5 essential tools and web apps for freelancers | FreshGigs.ca

5 essential tools and web apps for freelancers

5-Freelancer-ToolsPhoto of Brunette woman using laptop from Shutterstock.

Making the switch to full-time freelancing is exciting; you get to set your own hours, choose the clients you’d like to work with and you can work from home. It can also be a little daunting, too. There is a lot of security in working at an established company – you have regular hours, regular pay, and access to enterprise-level software.

As an employee of an established company, you have access to the tools and software that you may not have when you’re out on your own. Fortunately, there is an abundance of free (and almost free) tools to help you manage your time and your clients.

Here are a couple of tools you may want to look into as you start your freelancing business.


Toggl is a time-tracking service that you can use on your computer, your web browser, and your phone. After setting up your account, you start by creating projects. When you’re starting out, these may be things like “Finding a designer for branding” or “Setting up a portfolio website.”

Once your projects are set up, all you have to do is remember to start and end the timer when you’re working on those particular tasks.

As you start to settle into a routine and begin taking on clients, you can assign clients to your projects. I really like this feature as it helps keep me organized and it gives me confidence knowing that the time being billed is accurate.

One of the features that I like best about Toggl is the reporting. Even with a free account, you get detailed summary reports as well as visual representations of where your time was spent.

A free account allows you to have a team of up to 5 people, has reporting options as well as unlimited projects. For $5 a month, you can get unlimited team size, billable rates and sub-projects.


Asana is a great project management tool that is free for teams of up to 15 people. A free account also gives you unlimited projects, tasks and conversations. I like Asana because it’s great for both working with other people or just keeping yourself on track.

After creating your account, you can begin setting up projects for the various clients you have. Within those projects, you can create tasks with due dates that you can easily view in your dashboard. There are list and calendar views as well as a Project overview so you can quickly see at a glance when your tasks are due. You can also set up email reminders for the various tasks you’re working on.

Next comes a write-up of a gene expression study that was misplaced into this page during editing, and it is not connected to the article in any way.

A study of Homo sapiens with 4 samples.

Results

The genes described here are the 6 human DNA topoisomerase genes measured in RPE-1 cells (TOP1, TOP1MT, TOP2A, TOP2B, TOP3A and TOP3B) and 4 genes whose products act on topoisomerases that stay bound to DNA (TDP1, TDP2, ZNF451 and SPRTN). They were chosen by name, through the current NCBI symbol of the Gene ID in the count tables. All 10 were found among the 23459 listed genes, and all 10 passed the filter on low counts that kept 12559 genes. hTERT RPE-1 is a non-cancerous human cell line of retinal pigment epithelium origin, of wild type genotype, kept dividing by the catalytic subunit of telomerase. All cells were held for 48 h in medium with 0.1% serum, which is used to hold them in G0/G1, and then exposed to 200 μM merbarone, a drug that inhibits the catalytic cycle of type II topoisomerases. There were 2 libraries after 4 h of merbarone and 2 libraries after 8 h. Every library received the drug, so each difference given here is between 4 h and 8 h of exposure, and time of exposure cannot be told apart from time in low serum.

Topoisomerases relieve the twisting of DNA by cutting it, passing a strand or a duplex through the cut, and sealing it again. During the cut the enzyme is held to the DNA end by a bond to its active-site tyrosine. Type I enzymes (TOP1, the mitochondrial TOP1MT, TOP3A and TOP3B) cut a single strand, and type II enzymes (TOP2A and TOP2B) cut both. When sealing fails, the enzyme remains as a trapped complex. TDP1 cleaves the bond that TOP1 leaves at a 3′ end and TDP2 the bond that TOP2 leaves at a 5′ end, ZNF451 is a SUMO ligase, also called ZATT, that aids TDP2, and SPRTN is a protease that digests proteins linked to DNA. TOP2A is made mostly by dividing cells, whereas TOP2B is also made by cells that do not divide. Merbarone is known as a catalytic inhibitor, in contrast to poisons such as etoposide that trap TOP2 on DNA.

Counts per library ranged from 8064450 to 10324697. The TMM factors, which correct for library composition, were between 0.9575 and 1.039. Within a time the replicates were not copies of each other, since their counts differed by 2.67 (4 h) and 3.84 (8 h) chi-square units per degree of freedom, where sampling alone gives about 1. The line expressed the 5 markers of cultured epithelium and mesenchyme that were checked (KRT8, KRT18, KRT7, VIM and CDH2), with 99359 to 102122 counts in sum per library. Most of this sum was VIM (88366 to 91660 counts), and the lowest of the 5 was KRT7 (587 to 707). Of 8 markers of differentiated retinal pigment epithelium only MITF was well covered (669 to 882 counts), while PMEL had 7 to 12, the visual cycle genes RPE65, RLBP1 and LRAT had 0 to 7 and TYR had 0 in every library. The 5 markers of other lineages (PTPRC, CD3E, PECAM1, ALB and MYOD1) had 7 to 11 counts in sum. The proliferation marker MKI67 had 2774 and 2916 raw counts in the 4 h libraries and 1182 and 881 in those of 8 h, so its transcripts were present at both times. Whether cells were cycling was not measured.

Asana also lets you add attachments and have conversations with other people on your team. There are apps for iOS and Android devices so you can stay up-to-date on the go, and it integrates with Toggl.


Slack is “team communication for the 21st century.” I’ve been using Slack for a few months and really enjoy the ease with which you can communicate with people.

Once you sign up, you can create Channels to communicate with clients and other people you may be working with on your project. Channels are open to anyone who is a part of your Slack group. Messages in channels are searchable and can be pinned for easier access later.

On Slack, you can also have private messages with people one-on-one as well as private group messaging.

What I like most about Slack is the integrations – “add-ons” that a user can add to make the Channel more useful. Examples of integrations are Google Calendar, Dropbox and Giphy. Because who doesn’t like a funny gif every now and again?

Invoices by Wave

Wave is free invoice software that is packed with features to help you produce professional looking invoices. The software also allows you to create estimates and quotes. First impressions are crucial so you want to ensure that the quotes you’re sending out to potential clients are polished and professional.

The software is user-friendly and makes it exceptionally easy to get paid. You can send invoices by email, customize your payment terms, create receipts, and automate reminders for late payments.

The software is currently only available on iOS but is accessible via any browser.


Try as you might, meetings can’t always be avoided. Even though there are great tools for keeping in touch, there are times when it’s just easier to meet face-to-face. That being said, you don’t have to meet physically in person to have an effective meeting.

With Google Hangouts, you can video conference with 9 other people. During a video call, you can also share your screen, text chat and edit documents on the fly. This is a great way to take notes and make sure that everyone is on board with what’s being shared and worked on.

What are some of your favourite freelancer tools and apps? We’d like to know! Tell us in the comments section below.
  • Meanu Normia

    Being a freelance web designer my fav ones are onedrive and proofhub, With proofhub it’s very easy to get my clients on board and the other one best for files storage.

  • Ava Raynott

    I agree with Meanu here. Proofhub indded is a very good tool for work and cient management.

  • Ava Raynott

    I agree with Meanu here. ProofHub indeed is a very good tool for work and client management! Wave is also pretty good. Thanks for the list!

  • Knarpasti Xaler

    I third Meanu and Ava. I’m a recent ship jumper from basecamp to Asana for project management. Wave was also my go to for invoicing, but now I use Freshbooks for deposits and
    FinalFile for the final payments.

  • Hyrum Newman

    You are right. These are good applications that can be used.
    My team is currently using the Connecteam app for tracking our time. It was a big help for everyone. It can be used also for task management and many more.